STANSBURY PARK — Every spring the first-graders in Karma Dale's class patiently watch and wait for their butterflies to break out of their cocoons — or chrysalis — as it's the proper term their teacher has taught them.

On Thursday, the children set their butterflies free in a releasing party in the yard of Rose Springs Elementary School in Tooele School District.

Dale, 57, has four children of her own but takes great pride in laying the groundwork for the knowledge her students need. She happily sends them off at the end of the school year, their minds soaring as on the wings of their butterflies.

"She's like the best teacher ever," said first-grader Taylor Bryan, 6.

Dale is one of 10 recipients in the 2010 Huntsman Awards for Excellence in Education. Each winner receives a crystal trophy and $10,000. Dale says she plans to pay doctor bills and buy a better car — maybe one that actually has air conditioning and heat.

The teacher believes that besides learning the three R's the students need a foundation of strong self-esteem and positive life skills such as cooperation, kindness and anything else that would result in good karma. The teacher said her mom purposefully named her "Karma" with a "K" instead of a "C" in hopes she would be kind.

"With enough love and attention, there is nothing children can't accomplish," Dale said.

Rose Springs principal Leon Jones said, "I've never seen a teacher who impacts students as much as Miss Karma does."

Dale recalls when she was a girl she would line up her dolls and stuffed animals on the stairs and play school. "I can't remember a time when I didn't want to be a teacher," she said.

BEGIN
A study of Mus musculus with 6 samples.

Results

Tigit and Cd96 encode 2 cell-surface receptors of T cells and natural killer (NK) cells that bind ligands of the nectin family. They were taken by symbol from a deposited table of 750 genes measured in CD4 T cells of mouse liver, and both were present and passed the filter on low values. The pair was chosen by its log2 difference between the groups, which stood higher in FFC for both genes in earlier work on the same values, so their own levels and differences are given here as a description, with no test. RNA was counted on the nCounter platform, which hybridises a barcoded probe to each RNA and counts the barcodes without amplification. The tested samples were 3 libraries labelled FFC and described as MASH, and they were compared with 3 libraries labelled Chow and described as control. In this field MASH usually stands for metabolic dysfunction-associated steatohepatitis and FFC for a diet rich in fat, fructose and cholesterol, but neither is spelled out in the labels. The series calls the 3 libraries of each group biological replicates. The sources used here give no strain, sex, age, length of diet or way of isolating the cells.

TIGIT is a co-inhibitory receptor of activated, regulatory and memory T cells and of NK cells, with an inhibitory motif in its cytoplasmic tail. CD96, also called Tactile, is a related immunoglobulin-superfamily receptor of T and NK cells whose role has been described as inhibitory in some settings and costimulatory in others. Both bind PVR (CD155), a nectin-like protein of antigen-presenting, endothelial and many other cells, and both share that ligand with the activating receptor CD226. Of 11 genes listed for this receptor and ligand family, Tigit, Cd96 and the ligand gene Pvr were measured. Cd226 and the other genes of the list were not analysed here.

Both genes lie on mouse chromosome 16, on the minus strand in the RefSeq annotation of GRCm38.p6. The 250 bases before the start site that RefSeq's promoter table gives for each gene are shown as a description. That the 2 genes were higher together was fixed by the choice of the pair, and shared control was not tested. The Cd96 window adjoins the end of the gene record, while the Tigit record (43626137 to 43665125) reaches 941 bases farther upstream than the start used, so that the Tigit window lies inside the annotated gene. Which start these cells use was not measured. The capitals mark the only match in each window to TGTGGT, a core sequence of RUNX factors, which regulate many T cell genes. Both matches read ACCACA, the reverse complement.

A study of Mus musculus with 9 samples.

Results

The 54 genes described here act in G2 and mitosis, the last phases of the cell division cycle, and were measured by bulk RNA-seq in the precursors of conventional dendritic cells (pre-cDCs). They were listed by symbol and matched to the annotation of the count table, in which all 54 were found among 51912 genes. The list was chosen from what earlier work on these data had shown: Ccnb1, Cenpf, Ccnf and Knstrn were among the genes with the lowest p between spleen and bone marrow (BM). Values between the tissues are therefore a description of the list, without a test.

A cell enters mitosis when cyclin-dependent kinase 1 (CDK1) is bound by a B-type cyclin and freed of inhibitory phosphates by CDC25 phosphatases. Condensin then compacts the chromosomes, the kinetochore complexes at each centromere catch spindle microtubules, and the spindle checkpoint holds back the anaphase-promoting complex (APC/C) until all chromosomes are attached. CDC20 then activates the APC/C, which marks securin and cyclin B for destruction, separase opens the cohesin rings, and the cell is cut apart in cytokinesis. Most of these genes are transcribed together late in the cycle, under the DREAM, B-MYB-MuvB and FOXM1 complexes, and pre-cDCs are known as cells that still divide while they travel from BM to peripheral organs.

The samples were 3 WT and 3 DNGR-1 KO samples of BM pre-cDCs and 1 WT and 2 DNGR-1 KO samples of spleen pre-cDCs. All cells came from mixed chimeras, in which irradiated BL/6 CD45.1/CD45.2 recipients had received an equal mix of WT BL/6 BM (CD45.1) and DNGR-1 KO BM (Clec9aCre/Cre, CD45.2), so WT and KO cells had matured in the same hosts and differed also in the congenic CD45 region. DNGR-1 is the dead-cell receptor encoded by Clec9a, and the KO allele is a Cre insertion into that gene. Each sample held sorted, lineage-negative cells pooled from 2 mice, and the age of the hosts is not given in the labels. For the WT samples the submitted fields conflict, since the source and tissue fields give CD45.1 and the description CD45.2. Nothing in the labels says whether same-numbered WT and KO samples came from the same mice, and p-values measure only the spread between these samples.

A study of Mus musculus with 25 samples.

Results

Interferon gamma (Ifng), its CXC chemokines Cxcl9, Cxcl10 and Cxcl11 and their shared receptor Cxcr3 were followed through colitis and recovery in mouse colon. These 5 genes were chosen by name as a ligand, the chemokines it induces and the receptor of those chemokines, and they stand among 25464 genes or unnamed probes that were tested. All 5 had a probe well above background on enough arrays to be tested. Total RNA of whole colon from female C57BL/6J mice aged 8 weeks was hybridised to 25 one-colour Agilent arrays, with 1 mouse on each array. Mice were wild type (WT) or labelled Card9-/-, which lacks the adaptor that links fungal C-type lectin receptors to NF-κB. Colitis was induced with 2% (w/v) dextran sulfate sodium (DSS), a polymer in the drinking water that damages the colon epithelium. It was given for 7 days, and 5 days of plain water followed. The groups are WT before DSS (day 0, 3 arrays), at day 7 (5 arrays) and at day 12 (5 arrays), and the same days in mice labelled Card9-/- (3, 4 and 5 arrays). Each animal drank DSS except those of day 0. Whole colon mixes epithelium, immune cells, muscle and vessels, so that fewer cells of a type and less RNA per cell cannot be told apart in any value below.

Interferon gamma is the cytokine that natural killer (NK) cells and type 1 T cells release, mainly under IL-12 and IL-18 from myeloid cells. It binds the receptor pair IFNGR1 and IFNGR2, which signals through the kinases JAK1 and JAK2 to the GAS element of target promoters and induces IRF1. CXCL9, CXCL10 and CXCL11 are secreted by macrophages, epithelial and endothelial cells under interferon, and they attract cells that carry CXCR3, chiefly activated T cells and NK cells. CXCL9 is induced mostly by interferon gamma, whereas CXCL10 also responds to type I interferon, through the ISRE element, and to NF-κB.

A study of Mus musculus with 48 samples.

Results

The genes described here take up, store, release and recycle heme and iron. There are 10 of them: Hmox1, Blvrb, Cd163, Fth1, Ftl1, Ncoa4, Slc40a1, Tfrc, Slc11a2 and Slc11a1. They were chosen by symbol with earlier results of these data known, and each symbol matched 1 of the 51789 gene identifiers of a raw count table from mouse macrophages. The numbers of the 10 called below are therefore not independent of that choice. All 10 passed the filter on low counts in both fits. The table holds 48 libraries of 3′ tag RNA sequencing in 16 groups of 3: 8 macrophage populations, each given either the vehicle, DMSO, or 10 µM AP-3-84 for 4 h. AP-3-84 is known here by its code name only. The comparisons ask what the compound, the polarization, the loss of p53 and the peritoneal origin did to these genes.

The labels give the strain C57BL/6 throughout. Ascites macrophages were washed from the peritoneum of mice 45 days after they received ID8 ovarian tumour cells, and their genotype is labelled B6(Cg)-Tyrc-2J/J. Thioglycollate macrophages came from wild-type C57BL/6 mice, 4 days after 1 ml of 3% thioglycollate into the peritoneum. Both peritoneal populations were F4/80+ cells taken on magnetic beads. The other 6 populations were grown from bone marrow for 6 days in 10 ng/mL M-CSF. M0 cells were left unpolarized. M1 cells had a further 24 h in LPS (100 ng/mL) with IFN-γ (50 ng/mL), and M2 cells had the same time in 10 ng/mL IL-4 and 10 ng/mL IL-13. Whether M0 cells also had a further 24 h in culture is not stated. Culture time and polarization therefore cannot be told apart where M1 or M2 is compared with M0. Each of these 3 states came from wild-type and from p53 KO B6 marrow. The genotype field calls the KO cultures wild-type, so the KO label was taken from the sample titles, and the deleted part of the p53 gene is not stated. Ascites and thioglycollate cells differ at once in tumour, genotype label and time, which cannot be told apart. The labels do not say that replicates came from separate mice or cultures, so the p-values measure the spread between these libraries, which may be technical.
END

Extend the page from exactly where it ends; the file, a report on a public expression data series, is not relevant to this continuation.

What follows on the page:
Her classroom is a whirlwind of bright colors and young voices. "Older students come back and say, 'I love how I feel in this room,' " she said.

The week preceding the butterfly launch includes a number of related activities in Dale's room. Wednesday the students sat cross-legged on colored squares of the carpet as they read out loud "The Very Hungry Caterpillar" with Dale. The kids acted out the different life cycles, crunching up into a ball as an egg, munching as a caterpillar, curling up in their chrysalis and finally releasing with wings.

Thursday the kids ate butterfly shaped peanut butter and jelly sandwiches to celebrate the launch.

Taylor is sad to let the butterflies go. She wanted to name one "Flutter." Bryant Bolinder, 7, said he wanted to name one after Utah Jazz player Carlos Boozer.

Dale tells the students, "We wouldn't want to be in a cage our whole lives, would we?"

The teacher strives to make learning fun and uses hands-on tools, as well as rewards, to encourage her first-graders to succeed. The kids work long and hard for the privilege of picking a "hard mellow" — a hardened tiny marshmallow — out of the jar on her desk.

She uses many learning activities, including a game called "A, E, I, O, U sit down."

The class mascot, a teddy bear named Corduroy, sits on a bench at the front of the room, observing their progress. Sometimes he will whisper into Dale's ear, and she will tell the class Corduroy just said he doesn't think they can spell all the words. The children laugh and shout, "We can, too, Corduroy!"

Each weekend one student gets the privilege of taking Corduroy home. The student takes photos and writes in a journal describing all the bear's weekend adventures, and Dale puts it in a big scrapbook. "He's been to Arizona, Disneyland — all over," she said.

Former students recall Dale's "Winnie the Wicked Witch" routine. In full costume, she says in a cackling voice, "I bet you kids can't get these words today." The witch then melts as the students belt out the vocabulary words.

Dale was a cheerleader in high school and sometimes whips out a megaphone and teaches letters via cheers. "Give me a T!" She also plays a drill sergeant and a pirate in different lessons about words, numbers and maps.

Parent Natalie Knudsen wrote in the Huntsman nomination materials, "Aside from the way she makes her students feel, no child slips through the cracks academically."

Dale suffered a stroke last month but quickly recovered and returned to the classroom. "As I was lying there I pictured each little child in my mind and all the things I love about each one," she said. "That strength and force brought me back. Teaching is my life."

She has instructed kindergarten and first grade for 26 years.